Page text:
60 Days & 6 Years: The Numbers to Know to Comply With Medicare’s Overpayment Rule

Check that calendar!

You get a fairly clear picture of what this rule is about from its name: Medicare Reporting and Returning of Self-Identified Overpayments. If you discover Medicare gave you too much money, you have to give it back.

But there are some layers here, so let’s dig in for a refresher on some of the more important details. (It’s worth it when you consider the potential consequences of not complying include False Claims Act liability, monetary penalties, and exclusion from federal health care programs.)

60 Days Is All You Have to Give Medicare Money Back

Under the rule, providers and suppliers who get Medicare funds have to report and return overpayments by the later of these two:

  • 60 days after the date you identified the overpayment
  • The date a corresponding cost report is due (if applicable).

6 Years Is How Long Your Responsibilities Extend

The clock stops on this rule after six years, which isn’t so bad when you recall that the original plan was for a 10-year lookback period.

Experts warn that the lookback period extends back six years even if that time is before the rule became effective March 14, 2016.

Not Doing Audits Is a Bad Idea — Here’s Why

During the comment process, some worried this rule would create a chilling effect on audits if people sought to avoid finding overpayments. The final rule got around that by stretching the definition of “identification” to include the time when you actually discovered the issue or when you should have discovered it:

“A person has identified an overpayment when the person has or should have, through the exercise of reasonable diligence, determined that the person has received an overpayment and quantified the amount of the overpayment.”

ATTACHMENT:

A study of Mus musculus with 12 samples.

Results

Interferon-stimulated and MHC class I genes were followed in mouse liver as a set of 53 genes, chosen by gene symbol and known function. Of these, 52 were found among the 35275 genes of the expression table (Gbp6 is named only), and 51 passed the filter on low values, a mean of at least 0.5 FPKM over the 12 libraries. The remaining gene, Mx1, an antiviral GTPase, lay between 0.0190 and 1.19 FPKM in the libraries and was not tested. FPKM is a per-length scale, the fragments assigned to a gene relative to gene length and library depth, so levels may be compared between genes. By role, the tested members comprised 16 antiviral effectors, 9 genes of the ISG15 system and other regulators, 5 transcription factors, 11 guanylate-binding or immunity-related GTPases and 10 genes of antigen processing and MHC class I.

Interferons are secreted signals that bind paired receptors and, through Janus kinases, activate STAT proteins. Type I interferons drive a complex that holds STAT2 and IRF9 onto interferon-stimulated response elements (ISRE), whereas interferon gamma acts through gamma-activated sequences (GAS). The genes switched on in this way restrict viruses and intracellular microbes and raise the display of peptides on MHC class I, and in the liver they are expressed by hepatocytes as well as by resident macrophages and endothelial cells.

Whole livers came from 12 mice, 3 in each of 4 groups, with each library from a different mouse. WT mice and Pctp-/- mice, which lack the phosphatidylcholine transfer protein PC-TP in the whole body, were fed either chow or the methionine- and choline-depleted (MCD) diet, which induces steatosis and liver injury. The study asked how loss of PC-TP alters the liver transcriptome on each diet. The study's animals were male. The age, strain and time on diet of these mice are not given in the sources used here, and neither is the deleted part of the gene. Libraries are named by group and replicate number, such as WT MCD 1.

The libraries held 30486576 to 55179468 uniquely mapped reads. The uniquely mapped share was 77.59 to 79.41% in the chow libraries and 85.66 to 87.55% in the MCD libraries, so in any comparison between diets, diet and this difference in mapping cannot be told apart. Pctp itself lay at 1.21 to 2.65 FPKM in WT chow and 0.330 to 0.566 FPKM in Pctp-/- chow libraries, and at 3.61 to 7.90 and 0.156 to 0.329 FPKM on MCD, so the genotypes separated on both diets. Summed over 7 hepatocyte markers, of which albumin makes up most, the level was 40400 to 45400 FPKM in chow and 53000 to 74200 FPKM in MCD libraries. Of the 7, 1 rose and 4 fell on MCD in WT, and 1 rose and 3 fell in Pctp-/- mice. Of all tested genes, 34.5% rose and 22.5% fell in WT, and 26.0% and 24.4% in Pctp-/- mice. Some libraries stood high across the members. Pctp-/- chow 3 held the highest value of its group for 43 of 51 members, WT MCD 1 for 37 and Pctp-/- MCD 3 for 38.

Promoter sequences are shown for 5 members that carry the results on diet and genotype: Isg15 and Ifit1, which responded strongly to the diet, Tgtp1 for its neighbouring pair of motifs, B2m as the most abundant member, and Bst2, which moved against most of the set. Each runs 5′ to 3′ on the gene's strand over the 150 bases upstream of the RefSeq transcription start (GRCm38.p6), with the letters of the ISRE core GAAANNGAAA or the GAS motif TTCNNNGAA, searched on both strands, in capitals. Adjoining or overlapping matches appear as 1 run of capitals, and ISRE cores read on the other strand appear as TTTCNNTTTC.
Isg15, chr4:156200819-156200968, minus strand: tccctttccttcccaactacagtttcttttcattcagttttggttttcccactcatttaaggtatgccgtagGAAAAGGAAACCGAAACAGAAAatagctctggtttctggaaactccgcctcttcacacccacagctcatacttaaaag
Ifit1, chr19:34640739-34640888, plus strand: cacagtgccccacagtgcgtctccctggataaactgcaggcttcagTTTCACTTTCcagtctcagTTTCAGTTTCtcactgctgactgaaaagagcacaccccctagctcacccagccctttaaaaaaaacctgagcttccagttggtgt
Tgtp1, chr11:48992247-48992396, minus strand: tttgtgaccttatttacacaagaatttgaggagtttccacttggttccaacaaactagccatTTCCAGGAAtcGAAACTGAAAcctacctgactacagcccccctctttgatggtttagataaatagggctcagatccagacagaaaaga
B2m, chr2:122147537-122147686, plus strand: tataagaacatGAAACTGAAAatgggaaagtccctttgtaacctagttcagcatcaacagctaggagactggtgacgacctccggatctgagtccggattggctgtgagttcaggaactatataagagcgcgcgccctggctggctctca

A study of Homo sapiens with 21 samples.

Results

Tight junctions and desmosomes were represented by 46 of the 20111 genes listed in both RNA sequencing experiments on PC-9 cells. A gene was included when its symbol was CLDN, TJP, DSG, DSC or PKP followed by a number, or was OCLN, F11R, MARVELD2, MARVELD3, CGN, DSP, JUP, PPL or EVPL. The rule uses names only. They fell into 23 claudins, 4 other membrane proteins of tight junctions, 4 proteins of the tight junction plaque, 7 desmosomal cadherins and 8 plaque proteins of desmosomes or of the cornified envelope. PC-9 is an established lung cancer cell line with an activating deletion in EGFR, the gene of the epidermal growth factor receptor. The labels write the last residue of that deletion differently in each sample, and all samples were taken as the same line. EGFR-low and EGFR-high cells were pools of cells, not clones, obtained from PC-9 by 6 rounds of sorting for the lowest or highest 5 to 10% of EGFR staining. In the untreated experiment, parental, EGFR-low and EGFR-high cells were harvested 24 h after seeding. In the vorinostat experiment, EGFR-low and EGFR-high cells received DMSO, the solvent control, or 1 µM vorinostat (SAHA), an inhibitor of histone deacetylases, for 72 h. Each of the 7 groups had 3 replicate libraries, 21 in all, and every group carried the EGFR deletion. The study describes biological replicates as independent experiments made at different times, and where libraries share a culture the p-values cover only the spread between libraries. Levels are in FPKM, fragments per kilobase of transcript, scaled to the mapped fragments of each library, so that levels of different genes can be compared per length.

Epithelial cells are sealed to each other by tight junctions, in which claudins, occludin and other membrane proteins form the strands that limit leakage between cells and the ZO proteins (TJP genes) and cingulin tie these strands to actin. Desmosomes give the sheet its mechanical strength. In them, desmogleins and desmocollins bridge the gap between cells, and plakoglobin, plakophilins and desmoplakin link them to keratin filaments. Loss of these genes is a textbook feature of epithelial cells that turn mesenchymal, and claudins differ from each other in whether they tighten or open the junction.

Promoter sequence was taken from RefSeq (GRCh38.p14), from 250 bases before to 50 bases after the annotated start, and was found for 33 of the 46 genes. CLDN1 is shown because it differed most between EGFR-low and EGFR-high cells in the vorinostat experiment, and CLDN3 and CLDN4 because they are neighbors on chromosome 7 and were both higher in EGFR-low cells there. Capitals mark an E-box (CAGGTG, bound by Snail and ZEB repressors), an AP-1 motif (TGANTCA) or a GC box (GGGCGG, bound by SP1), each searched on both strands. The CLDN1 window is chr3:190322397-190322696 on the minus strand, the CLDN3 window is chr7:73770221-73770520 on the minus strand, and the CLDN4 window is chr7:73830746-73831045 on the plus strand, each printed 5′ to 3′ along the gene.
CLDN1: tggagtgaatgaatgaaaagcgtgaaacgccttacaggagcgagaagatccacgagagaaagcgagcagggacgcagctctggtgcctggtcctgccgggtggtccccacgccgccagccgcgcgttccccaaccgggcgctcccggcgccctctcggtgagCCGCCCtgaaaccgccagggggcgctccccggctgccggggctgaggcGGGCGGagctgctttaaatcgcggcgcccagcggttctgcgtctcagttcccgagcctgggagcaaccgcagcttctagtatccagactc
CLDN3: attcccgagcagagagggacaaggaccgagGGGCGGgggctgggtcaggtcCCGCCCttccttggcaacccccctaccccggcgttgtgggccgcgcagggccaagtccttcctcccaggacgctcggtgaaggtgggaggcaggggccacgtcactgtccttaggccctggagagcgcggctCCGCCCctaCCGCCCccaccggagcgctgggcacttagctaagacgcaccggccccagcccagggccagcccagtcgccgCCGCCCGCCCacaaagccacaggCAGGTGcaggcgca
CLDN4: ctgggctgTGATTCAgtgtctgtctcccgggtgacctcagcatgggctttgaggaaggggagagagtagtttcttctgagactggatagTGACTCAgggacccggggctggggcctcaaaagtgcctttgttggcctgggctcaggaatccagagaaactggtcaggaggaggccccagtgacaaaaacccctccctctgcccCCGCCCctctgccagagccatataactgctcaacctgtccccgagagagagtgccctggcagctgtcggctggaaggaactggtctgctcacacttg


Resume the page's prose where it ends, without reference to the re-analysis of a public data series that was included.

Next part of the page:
In other words, plan regular audits and take action to ensure compliance because Medicare is going to hold you to that standard.

What Should You Watch for to Find Overpayments?

The final rule provides some examples to help give an idea of what it means to “identify” an overpayment under this rule. For instance, if you discover any of these, you need to get moving to ensure your claims and compensation comply with the rule:

  • Incorrect coding that yielded increased reimbursement
  • A patient death prior to the date of service on your claim
  • Services performed by an unlicensed or excluded provider
  • Internal audit results that indicate overpayment.

And remember that you’re responsible for overpayments you should have discovered, too, as in these examples:

  • A government agency performs an audit and alerts you to a potential overpayment that you need to investigate
  • You see a significant increase in Medicare revenue with no obvious cause.

How About You?

Have you had to look into the finer details of this rule? What tips would you give others?

About 

Deborah concentrates on coding and compliance for radiology and cardiology, including the tricky world of interventional procedures, as well as oncology and hematology. Since joining The Coding Institute in 2004, she’s also covered the ins and outs of coding for orthopedics, audiology, skilled nursing facilities (SNFs), and more.